The three-year Central Coast Vegetable IPM Project showed use of “soft” insecticides instead of conventional chemicals on head lettuce costs four cents more per carton than standard production costs.
Bill Chaney, Monterey County farm advisor and coordinator of the project, recently told the California Lettuce Advisory Board meeting at Seaside that yields and quality were the same for both grower standard treatments and IPM.
Grower standard included all registered materials for the crop, and IPM excluded organophosphates, carbamates, and pyrethroids, wherever alternatives were available.
Although the project originally set out to craft strategies against the pea leafminer, problems with that pest declined and the lettuce aphid emerged as a major threat.
Realigned to deal with the new aphid pest, the project continued to explore the impact of a system that would exclude pesticides under scrutiny of the Food Quality Protection Act (FQPA).
While the trials demonstrated efficacy of softer products, they also revealed a continuing need for the standard chemistry to fill “holes” in pest control, Chaney said.
The series of commercial-scale field demonstrations during the 1998, 1999, and 2000 seasons were conducted with a broad collaboration between growers, pest control advisors, pesticide manufacturers, University of California Cooperative Extension, and the funding organization, the Pew Charitable Trust.
The project was carried out at 46 field demonstrations on 667 acres from Watsonville to Oxnard. “This acreage,” Chaney said, “represented a risked investment of $2 million, conservatively, by the grower cooperators, which does not include the great expense of staff time donated to cooperating in the project.”
Insect populations and damage were monitored by project staff and cooperating PCAs, but treatment decisions were made by the PCAs. Chaney credited PCAs involved with the project as being “aggressive in reducing the use of pesticides.”
Harvest data, along with yield and quality indicators, was gathered for each trial and pesticide costs and yield data were calculated for per-carton costs for each treatment.
Chaney told the lettuce board the reduction in number of IPM applications compared with applications of the three standard insecticide groups was 87 percent for head lettuce, 88 percent for romaine lettuce, and 72 percent for celery.
“However,” he said, “the project clearly shows that eliminating these FQPA-targeted materials is not possible at this time. One or more of the excluded pesticides was used on the IPM treatment for 38 percent of the head lettuce, 29 percent of the romaine, and 100 percent of the celery.”
Chaney also said harvest quality and quantity differed little between the two methods. Yields for romaine and celery were essentially the same between treatments, although in head lettuce, 12 percent of the field trials had significantly higher yields from the IPM treatments.
On the other hand, many of the newer and softer IPM materials are more expensive, contributing an average of four cents more to per-carton costs.
Acre, carton costs
Overall average costs for the 1998, 1999, and 2000 seasons were $308.80 per acre, or 40 cents per carton, for the standard treatment and $358.09 per acre, or 44 cents per carton, for the IPM treatment.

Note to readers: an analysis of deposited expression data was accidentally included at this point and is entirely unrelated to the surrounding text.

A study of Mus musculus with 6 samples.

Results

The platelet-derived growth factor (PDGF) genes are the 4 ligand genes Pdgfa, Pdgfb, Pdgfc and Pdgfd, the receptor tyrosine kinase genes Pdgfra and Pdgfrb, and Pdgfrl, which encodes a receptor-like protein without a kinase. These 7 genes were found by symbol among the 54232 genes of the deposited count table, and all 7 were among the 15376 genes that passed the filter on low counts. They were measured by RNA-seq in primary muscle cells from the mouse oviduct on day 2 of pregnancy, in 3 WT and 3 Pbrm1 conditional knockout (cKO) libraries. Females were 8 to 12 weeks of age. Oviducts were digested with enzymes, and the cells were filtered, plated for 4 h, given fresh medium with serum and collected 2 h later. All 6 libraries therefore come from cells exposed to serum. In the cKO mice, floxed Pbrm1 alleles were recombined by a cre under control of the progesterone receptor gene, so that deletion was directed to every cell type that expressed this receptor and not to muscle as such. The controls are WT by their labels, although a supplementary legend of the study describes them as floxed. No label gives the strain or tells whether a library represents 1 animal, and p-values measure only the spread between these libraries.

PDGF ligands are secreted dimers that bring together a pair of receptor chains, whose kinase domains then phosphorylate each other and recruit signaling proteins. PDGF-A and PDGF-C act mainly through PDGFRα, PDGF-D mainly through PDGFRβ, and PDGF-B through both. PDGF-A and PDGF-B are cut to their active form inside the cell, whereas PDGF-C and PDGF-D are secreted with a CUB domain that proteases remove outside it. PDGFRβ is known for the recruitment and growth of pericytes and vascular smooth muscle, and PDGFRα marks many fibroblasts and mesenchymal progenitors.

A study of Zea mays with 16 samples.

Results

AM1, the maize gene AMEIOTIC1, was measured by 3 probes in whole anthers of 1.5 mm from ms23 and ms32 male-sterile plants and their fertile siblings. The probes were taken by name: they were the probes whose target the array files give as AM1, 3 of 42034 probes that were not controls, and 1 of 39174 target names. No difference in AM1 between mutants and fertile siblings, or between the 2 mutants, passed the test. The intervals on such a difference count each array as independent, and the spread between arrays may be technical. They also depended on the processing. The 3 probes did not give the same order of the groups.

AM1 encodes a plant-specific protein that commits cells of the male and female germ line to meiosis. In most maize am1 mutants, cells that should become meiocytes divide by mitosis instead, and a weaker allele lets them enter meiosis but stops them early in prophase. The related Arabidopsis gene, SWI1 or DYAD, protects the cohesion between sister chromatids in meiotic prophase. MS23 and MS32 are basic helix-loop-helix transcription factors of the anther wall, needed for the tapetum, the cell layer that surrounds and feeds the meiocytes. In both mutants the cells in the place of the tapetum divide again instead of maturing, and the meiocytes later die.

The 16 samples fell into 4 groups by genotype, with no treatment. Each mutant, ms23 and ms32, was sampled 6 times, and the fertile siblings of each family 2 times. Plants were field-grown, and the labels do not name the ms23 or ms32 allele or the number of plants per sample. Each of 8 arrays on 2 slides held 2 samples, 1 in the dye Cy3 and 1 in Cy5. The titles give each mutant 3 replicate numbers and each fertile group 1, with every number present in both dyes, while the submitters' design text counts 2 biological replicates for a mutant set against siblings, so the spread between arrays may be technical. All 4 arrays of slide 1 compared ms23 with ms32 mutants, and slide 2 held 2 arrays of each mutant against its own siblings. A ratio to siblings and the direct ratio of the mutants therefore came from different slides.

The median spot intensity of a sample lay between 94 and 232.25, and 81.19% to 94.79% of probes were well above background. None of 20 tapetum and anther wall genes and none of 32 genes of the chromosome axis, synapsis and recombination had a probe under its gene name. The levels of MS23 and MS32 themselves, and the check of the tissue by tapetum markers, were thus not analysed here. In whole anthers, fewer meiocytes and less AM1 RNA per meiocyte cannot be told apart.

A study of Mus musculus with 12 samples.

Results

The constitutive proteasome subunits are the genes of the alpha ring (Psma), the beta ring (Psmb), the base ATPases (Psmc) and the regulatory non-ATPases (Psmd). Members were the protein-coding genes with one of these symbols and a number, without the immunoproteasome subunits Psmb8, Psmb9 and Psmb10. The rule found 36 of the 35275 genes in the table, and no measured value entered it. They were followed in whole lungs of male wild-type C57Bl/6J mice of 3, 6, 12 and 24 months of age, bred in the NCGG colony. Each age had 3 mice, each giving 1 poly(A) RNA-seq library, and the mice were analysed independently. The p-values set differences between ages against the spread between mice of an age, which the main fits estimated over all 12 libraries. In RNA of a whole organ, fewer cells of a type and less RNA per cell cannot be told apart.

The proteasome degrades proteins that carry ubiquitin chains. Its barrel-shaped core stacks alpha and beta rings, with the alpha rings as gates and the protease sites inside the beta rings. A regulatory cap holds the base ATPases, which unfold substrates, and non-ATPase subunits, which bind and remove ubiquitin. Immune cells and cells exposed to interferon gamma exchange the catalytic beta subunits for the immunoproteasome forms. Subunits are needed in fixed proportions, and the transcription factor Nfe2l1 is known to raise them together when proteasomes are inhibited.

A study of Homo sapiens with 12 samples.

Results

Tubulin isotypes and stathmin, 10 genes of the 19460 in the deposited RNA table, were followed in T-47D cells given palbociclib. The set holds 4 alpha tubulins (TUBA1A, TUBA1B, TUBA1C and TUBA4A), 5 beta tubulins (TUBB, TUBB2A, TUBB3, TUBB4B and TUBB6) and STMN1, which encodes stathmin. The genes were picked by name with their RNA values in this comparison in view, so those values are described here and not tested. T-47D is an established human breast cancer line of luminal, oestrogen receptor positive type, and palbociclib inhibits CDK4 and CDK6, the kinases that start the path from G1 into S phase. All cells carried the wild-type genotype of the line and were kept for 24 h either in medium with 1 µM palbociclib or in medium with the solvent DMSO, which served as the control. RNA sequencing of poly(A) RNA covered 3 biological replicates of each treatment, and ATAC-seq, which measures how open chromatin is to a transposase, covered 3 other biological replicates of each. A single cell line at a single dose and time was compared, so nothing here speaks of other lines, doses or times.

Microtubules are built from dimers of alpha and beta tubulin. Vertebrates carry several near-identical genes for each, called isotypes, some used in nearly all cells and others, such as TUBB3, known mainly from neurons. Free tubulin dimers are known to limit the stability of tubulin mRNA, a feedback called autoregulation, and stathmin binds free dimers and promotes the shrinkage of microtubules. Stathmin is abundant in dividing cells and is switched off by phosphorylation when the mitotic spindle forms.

By-products of the IPM project are new photographs and identification materials to distinguish the lettuce aphid from other aphids.
“Lettuce aphid has been a hit-and-miss problem over the last three years. It's been bad but not as severe as we suspected it might be,” Chaney said.
Chemical control is difficult because lettuce aphids move deep into the lettuce heads, safe from sprays and free to reproduce profusely.
Syrphid fly larvae are an important biological control against lettuce aphid. Less than three of the predators can consume 80 aphids, but the trick to using them is timing for the critical lag between syrphid and aphid populations. When syrphid numbers catch up, the aphid numbers fall to zero, at which point the syrphids starve and fade out.
Since both contaminate produce, Chaney explained, the object is to key their presence about a week before harvest so both populations have crashed and are absent before picking crews go into the field.
(In another project funded by the lettuce board, USDA geneticists at Salinas are transferring, by classical breeding techniques, resistance to lettuce aphids from European types to western types. When placed on resistant European lettuce, the aphids fail to thrive and then disappear. The breeding process, intended for protection of both head and romaine lettuce, is expected to take several years before resistant material is available for commercial seed companies to develop new varieties.)
Chaney said he observed that after applying Success for aphid control more aphids were counted on treated portions than on untreated controls. That is because the material acted against syrphid predators.
Neonicotinoid-class products, including imidacloprid in its soil-applied Admire and foliar-applied Provado forms, are also under study as lettuce aphid controls. Chaney said Actara, Platinum, Assail, and others are similar and are in the process for registration.
He said data on the project's studies on pea leafminer, which revisited coastal lettuce fields in a late but robust fashion in 2001, are being processed for presentation a future lettuce board meeting.
“We've been looking at a variety of materials in the field, Agrimek, Trigard, and Success as a sort of standard, the neo-nicotinoids, neem products, and Pounce,” Chaney said, adding that he has observed signs of reduced leafminer susceptibility to older products.
USDA geneticists at Salinas are advancing toward plant resistance to pea leafminers in head, romaine, leaf, and butterhead lettuces.